Orioles closer Zach Britton could return to the mound as a starter in 2018, Roch Kubatko of MASNSports.com says. Britton suffered an unexpected setback earlier this week after rupturing his right Achilles tendon and will likely spend between 4-8 months recovering from surgery. How that affects his marketability as a trade chip remains to be seen, but Kubatko notes that the team is highly unlikely to release him before he hits free agency next year and might consider reassigning him to the rotation, pending a full recovery.
Britton, 30, got his start with the Orioles as a starting pitcher back in 2011. Over three seasons, he racked up an 18-17 record in 46 starts and a 4.86 ERA, 3.9 BB/9 and 5.9 SO/9 in 250 innings. By 2014, the southpaw had made a full conversion to the bullpen, where he assumed the closing role and quickly became one of the club’s most valuable relievers.
Given Britton’s history of injuries, including the latest blow to his Achilles, the Orioles may not want to put additional strain on his right leg by increasing his workload when he returns next summer. Still, Kubatko insists that the possibility of converting the left-hander back to the rotation is one that has been floated by the team in recent months and one that Britton “wasn’t adamant about resisting,” though it’s clearly not the role he’d prefer. For the time being, however, the Orioles are more likely to focus their efforts on retaining Britton and may even be entertaining the idea of an extension for the oft-injured closer.
ESPN’s Keith Law has released his annual top-100 prospects list. According to Law, Braves outfielder Ronald Acuna is the number one prospect in baseball.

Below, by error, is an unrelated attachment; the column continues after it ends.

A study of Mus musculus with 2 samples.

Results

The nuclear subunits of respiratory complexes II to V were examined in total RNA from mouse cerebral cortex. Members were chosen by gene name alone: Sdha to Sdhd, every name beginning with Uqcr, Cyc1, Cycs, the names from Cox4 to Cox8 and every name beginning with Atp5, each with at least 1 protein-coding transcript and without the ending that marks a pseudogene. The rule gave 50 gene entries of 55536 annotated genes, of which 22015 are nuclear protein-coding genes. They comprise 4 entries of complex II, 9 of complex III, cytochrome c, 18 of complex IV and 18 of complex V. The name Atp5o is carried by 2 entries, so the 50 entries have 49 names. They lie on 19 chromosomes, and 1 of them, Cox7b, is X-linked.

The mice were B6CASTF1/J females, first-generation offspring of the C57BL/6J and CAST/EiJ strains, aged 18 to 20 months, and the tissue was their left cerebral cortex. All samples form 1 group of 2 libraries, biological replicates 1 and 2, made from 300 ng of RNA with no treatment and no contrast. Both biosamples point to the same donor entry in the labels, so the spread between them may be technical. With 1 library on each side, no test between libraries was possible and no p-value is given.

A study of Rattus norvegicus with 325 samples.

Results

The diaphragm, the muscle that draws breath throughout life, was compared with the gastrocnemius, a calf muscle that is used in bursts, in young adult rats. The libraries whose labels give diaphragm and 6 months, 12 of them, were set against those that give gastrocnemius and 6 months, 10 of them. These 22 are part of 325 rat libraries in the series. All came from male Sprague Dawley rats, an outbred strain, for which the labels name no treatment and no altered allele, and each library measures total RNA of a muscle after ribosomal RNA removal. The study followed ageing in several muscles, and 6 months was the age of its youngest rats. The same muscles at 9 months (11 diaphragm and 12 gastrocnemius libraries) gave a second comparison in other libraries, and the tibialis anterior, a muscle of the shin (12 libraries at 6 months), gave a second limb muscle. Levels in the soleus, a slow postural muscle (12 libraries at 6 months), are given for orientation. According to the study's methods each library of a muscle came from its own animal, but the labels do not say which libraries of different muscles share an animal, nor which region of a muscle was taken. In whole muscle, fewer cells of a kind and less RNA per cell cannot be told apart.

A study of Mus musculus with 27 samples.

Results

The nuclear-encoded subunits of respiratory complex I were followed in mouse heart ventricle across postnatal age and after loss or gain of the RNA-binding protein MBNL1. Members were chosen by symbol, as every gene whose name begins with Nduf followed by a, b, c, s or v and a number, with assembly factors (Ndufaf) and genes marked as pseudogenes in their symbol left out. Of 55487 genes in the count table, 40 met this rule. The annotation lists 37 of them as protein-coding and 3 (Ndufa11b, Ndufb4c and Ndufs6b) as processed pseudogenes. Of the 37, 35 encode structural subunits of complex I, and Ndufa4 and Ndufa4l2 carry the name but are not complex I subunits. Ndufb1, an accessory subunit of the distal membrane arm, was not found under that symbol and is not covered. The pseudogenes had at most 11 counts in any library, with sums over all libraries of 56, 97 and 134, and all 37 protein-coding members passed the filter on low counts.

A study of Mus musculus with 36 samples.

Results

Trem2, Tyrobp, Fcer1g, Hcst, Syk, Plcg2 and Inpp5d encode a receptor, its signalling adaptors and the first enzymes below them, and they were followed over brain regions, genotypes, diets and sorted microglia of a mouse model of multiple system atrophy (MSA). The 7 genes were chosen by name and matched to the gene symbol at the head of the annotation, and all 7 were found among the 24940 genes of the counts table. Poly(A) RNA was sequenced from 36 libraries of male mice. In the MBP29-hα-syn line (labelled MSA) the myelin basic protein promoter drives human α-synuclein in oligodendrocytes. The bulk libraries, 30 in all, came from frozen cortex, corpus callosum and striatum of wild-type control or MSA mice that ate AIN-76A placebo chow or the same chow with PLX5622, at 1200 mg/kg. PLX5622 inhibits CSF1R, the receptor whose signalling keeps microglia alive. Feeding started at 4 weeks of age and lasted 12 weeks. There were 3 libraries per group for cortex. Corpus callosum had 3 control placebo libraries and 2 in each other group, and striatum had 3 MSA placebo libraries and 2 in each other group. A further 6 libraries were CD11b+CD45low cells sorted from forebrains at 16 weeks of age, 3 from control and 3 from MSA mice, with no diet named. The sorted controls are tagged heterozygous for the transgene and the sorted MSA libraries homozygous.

After blazing through High-A and Double-A ball last season, Acuna was the youngest player in Triple-A in 2017. He was 19 years-old all season long and put up a fantastic line of .335/.384/.534 in 486 plate appearances at Double and Triple-A. He then went on to star in the Arizona Fall League, leading that circuit in homers. Law, who is not one to throw hyperbolic comps around, says, “if Acuna stays in center and maxes out his power, he’s going to be among the best players in baseball, with a Mike Trout-ish profile.”
Acuna, who is 20 now, is likely play the bulk of the season in Atlanta, even if he’s kept down at Triple-A for the first couple of weeks of the season to manipulate his service time, er, I mean to allow him to develop his skills more fully. Or something. Given the presence of reigning Gold Glove center fielder Ender Inciarte, Acuna is not likely to man center for the Braves this year, but Law says he’d be a plus right field defender, which could make the Braves outfield Death to Flying Things in 2018. At least when Nick Markakis is not playing.
Number two on the list: Blue Jays third base prospect Vladimir Guerrero Jr. As law notes, the name may be familiar but he’s not very much like his old man. Mostly because young Vlad can take a walk. Which is better, even if it’s nowhere near as fun as swinging at balls that bounce in the dirt first.
For the other 98, you’ll have to click through.